I have used TDD to develop a set of classes in Python. These objects contain data fields, functions and links to each other. Everything functionally works like I want.
Eventually all of this should be stored in a database, to be used in a Django web application.
I have sketched some possible database schema's to hold the same information, but I feel this is a "sudden big leap", compared to the traditional TDD way of developing the rest of the application.
So, now I wonder, which tests should I write to force me to store these objects in a database in a step-by-step TDD way?
Making this question a bit more concrete, the classes are currently like this:
class Connector(object): def __init__(self, title = None): self.value = None self.valid = False self.title = title ... class Element(object): def __init__(self, title = None): self.title = title self.input_connectors =  self.output_connectors =  self.number_of_runs = 0 def run(self): ... self.number_of_runs += 1 class Average(Element): def __init__(self, title = None): super(OpenCVMean, self).__init__(title = title) self.src = Connector("source") self.avg = Connector("average") self.input_connectors.append(self.src) self.output_connectors.append(self.avg) def run(self): super(Average, self).run() self.avg.set_value(numpy.average(self.src.value))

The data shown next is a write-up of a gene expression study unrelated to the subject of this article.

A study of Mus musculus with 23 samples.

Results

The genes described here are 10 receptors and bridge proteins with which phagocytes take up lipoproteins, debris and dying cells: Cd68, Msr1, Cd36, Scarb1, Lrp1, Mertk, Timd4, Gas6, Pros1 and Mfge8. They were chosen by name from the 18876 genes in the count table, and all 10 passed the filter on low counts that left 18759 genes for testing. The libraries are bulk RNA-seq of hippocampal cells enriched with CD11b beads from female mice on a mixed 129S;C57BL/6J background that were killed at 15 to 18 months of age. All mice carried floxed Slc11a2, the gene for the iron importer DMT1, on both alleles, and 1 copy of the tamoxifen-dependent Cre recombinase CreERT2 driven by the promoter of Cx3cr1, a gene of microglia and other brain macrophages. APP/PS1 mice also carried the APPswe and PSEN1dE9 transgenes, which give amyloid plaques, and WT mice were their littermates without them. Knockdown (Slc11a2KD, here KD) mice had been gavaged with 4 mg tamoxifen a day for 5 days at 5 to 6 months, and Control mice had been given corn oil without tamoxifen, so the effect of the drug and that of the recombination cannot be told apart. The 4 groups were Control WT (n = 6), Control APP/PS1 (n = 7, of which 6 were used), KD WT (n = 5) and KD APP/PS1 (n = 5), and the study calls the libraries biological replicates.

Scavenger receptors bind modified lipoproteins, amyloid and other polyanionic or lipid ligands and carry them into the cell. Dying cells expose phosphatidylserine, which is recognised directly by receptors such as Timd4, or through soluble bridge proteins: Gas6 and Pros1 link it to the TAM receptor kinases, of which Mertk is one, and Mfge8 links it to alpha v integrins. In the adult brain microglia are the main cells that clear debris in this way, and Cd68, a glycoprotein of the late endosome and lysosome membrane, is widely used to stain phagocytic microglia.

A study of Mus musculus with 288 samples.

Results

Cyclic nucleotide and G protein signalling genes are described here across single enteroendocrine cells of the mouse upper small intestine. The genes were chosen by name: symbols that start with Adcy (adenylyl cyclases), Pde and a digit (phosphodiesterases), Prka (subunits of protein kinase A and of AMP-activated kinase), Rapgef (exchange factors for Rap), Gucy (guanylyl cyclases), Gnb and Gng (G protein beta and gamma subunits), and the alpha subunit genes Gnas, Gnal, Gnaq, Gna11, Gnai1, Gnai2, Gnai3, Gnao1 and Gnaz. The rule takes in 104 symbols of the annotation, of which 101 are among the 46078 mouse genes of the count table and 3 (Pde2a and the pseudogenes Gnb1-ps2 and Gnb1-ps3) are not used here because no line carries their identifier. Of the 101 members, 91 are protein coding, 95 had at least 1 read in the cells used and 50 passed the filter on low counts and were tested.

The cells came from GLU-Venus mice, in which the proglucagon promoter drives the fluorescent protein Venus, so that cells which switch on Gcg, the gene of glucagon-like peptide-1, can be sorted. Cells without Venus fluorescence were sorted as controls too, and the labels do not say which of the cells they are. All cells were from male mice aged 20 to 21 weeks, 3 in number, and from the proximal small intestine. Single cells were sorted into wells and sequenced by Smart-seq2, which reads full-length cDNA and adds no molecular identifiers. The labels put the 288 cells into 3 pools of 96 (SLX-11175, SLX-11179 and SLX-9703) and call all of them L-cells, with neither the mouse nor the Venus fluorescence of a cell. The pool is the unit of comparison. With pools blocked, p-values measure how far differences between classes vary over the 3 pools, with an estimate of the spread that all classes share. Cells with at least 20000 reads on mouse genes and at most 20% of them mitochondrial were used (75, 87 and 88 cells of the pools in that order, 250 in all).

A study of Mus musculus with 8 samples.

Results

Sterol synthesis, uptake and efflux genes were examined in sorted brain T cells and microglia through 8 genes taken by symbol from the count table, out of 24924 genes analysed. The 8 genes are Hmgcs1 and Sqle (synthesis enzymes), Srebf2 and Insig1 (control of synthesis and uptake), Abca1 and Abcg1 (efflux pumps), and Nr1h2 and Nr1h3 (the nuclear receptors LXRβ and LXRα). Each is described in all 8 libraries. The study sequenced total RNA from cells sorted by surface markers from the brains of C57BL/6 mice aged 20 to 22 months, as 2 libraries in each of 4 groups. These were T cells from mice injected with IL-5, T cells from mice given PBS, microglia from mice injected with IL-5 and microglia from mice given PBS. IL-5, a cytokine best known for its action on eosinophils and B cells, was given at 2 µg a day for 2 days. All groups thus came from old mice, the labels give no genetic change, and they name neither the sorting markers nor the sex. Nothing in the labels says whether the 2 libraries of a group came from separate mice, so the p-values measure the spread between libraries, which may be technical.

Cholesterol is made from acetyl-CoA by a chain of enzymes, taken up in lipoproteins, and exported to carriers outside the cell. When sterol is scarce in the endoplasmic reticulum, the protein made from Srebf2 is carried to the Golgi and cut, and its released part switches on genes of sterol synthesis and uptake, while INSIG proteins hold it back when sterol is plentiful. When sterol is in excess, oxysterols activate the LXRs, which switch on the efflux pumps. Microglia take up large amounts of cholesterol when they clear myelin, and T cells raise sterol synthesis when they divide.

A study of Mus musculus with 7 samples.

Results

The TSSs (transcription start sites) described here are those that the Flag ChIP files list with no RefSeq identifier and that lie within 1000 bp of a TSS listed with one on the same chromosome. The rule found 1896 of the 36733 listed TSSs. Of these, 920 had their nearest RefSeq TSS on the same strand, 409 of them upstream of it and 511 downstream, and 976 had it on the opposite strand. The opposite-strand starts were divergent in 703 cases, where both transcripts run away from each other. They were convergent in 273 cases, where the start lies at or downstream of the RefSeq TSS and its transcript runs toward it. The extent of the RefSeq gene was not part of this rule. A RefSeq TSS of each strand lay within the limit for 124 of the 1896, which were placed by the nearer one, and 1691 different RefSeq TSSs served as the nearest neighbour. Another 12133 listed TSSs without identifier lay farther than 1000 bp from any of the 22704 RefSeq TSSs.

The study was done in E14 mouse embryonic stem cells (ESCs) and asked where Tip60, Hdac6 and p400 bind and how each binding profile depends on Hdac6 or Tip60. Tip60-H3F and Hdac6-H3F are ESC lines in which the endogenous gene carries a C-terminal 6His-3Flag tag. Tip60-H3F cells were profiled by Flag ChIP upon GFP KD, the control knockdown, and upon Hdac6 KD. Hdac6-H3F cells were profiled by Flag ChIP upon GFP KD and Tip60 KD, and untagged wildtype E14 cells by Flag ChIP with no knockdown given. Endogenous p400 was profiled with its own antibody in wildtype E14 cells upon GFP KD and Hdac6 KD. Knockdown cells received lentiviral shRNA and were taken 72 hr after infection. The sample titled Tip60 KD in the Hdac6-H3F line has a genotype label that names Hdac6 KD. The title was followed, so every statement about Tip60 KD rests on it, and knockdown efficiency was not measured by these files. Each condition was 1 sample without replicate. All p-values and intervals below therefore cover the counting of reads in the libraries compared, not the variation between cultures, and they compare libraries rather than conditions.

I realize some of the data should be in the database, while processing functions should not. I think there should be a table which represents the details of the different "types / subclasses " of Element, while also one which stores actual instances. But, as I said, I don't see how to get there using TDD.